At “Spectrum of Shame,” families back striking health care workers

HARTFORD, Conn. – A “Spectrum of Shame” speakout by family members and friends of residents at Park Place nursing home marked the 65th day of a strike by nearly 400 District 1199 health care workers against four Vernon-based Spectrum Healthcare. facilities. At a press conference outrageous stories were told of the poor care since the strike began.

Ana Ruiz said she visits her brother at Park Place regularly. She worries that he is losing weight. She used to visit other patients who did not have loved ones, but since the strike she was ordered by Park Place staff not to speak to any other patients. She said they are wrong if they think she will “make trouble” for the home.  She only wants to provide some much-needed companionship.

Bonnie Becker, whose mother is in Laurel Hill in Winsted, also testified. Due to lack of care, she said, her mother was left to lie in her own urine until she got a visit from her other daughter.

David Zile, a patient at Park Place, also spoke out. He said that since the strike began, “twice I almost got the wrong medications.”

Maria Rodriguez, daughter of Emiliano Robles, said her father has been crying a lot, every day, since the new “replacement” workers came.

Risalina Miranda, daughter of Maria Miranda, said  “My mother needs help to the bathroom, but no one is doing anything to help her.”

Other stories of the shame at Spectrum Healthcare’s nursing homes have been posted at

The strikers have won the respect of family members who value the care the workers gave to their loved ones and understand that the administration forced the strike.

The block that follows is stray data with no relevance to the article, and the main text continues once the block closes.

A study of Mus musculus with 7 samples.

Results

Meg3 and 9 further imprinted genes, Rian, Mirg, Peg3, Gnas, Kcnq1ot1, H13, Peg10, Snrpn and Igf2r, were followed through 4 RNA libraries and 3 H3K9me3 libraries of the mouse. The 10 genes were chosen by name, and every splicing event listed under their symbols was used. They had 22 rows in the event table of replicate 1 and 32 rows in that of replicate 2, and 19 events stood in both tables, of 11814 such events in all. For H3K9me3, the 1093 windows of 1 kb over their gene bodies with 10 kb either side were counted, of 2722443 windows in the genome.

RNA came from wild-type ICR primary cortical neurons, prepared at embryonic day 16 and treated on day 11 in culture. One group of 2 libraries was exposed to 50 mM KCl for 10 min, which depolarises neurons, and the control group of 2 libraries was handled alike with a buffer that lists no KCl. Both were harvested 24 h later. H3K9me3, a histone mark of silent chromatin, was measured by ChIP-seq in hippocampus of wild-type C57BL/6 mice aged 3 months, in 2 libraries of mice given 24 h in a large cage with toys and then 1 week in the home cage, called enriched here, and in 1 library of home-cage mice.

In a victory for the union last week, the state Department of Labor ruled that all the striking workers are now eligible to receive unemployment benefits.  State law prohibits strikers who have not been locked out by their employer from receiving unemployment benefits, but there are exceptions.

Spectrum Healthcare hired permanent replacement workers during the strike. Union workers were told they would not automatically be given their jobs back if they returned, but would be placed on a “recall list.” As a result the state Department of Labor ruled that the striking workers “had been permanently replaced, and that their unemployment was no longer due to the existence of a labor dispute.”

Community members and members of other unions have been stopping by the picket lines between 6 a.m. and midnight every day. Strike locations are:

Birmingham Health Center, 210 Chatfield Street, Derby
Hilltop Health Center, 126 Ford Street, Ansonia
Laurel Hill Healthcare, 106 East Lake Street, Winsted
Park Place Health Center, 5 Greenwood Street, Hartford.

Photo: Carmen Boudier, president of District 1199 union, center, walks the picket line with the striking Spectrum workers. (PW/Tom Connolly)



Tom Connolly
Tom Connolly

Tom Connolly is a retiree labor and social justice activist writing from Connecticut.